TRIGGER WARNING: This post deals with depression and mentions self-harm.
Depression And University Life
I studied Classical Civilisation and Ancient History at university. And during my
And during those years at university, I often felt like I had changed into one of those characters. That I was ever so carefully destroying myself because of my flaws. The flaws that I believed were plentiful.
I longed to be accepted and loved. Why wouldn’t the boys want me as their girlfriend and the girls want me as their best friend? I longed to become someone I wasn’t. Popular.
Instead, I became the mysterious girl. I was the student who disappeared for an entire year. Every now and then someone caught a glimpse of me out with my boyfriend or at the student union. But other than that I was
And the rumour mill went into overdrive. People thought that I was pregnant, had an incurable disease or maybe I’d run off to a different country. No one guessed the truth. The prosaic answer. That I’d had a nervous breakdown in the first week of the second term of my second year. That I had depression.
My Second Year
That year was the most profound and intense year of my life. I was still technically at university but I also lived at home.
A number of personal tuition sessions helped me to write my essays. But rather than hand my essay to the lecturer to be marked. Mine was mailed in a big brown envelope.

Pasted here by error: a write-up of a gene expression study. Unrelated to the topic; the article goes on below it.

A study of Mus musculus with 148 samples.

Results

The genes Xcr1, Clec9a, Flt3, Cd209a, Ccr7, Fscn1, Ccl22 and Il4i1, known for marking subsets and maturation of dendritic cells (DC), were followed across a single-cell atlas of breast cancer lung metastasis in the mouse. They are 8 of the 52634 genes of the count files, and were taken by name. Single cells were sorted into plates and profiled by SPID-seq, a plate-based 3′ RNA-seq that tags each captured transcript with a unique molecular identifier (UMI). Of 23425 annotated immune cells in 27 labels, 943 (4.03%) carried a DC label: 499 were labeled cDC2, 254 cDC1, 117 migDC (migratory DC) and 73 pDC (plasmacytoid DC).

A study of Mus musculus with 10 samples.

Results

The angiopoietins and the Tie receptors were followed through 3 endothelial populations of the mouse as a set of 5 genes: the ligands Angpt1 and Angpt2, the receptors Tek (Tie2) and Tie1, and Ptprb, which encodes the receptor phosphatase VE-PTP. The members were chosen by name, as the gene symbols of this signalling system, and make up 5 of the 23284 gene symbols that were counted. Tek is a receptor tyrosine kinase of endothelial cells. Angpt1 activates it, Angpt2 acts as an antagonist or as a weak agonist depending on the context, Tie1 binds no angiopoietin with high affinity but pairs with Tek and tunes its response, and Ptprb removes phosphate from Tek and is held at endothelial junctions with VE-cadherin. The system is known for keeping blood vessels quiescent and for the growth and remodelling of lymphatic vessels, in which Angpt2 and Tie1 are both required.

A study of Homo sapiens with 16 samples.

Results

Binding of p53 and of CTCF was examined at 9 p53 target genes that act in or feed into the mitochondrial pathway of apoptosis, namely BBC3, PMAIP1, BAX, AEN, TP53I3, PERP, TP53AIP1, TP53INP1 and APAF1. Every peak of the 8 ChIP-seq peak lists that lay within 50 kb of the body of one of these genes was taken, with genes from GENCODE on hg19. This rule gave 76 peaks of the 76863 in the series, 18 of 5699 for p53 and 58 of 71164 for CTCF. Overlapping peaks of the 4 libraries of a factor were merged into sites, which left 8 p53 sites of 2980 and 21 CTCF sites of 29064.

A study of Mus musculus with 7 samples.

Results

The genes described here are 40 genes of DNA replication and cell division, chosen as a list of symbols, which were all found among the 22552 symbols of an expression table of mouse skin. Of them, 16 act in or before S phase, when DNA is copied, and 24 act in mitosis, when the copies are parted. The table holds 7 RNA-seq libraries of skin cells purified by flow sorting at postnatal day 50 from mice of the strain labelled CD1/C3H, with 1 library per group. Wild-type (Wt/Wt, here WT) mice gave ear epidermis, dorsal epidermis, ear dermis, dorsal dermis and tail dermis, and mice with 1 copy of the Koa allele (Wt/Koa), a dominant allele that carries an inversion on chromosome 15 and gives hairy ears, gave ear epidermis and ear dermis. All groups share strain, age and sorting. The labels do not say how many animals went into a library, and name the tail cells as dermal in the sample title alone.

Everyone else took their exams in a huge lecture theatre. Complete silence. No talking. Don’t even look at the person next to you
My exams were held in my personal tutor’s office on my own. She would occasionally poke her head around the corner to make sure that I wasn’t having a meltdown.
Not your typical second year of university. And my life was very atypical. In fact, I can’t really remember that time. Moments have been blocked out or merged into one another. Memories are a blur.
I remember crying in the student union and a kind face offering a Mars Bar and uttering the words
Men are all bastards but chocolate will never let you down.
I remember nights filled with tears and pain. The pain of depression and the pain of self-harm.
My Third Year
And I remember my third year at university. Because in my third year I went into denial.
Of course, I wasn’t ill. The psychiatrists didn’t know what they were talking about.
I was fine and I knew how to drown out the pain.
Drink. Inappropriate men and self-harm.
I began to self-harm regularly. The cuts were superficial but the scars began to add up. And yet weirdly they were scars that I was proud of.
I continued to deny that I was ill. My psychiatrist would call me up on it. So I stopped seeing him.
I KNEW better. Drink, the Student’s Union and the local nightclubs knew better. I was just the life and soul of the party who was intense and often highly strung.
Yet, somehow, despite all of this, I got a degree. And a good one. A degree that I was proud of. And apart from my children, it is still the proudest achievement in my life.
Then the time came to decide what to do with my life. I believed I could do anything. I didn’t even take into account that I had an illness.
So I decided to stay at university and do a Master’s Degree. In fact, I chose to do an MA by Research. A post-graduate degree where I would have little supervision and be left to write on my own.
And to top it all off, I decided that I would also go and work full-time at my local NEXT store.
I also fell in love with the wrong man.
All while pretending that I was perfectly healthy.
But I wasn’t healthy and eventually the big bubble burst. There was no use in pretending any longer. I was terribly ill and needed help.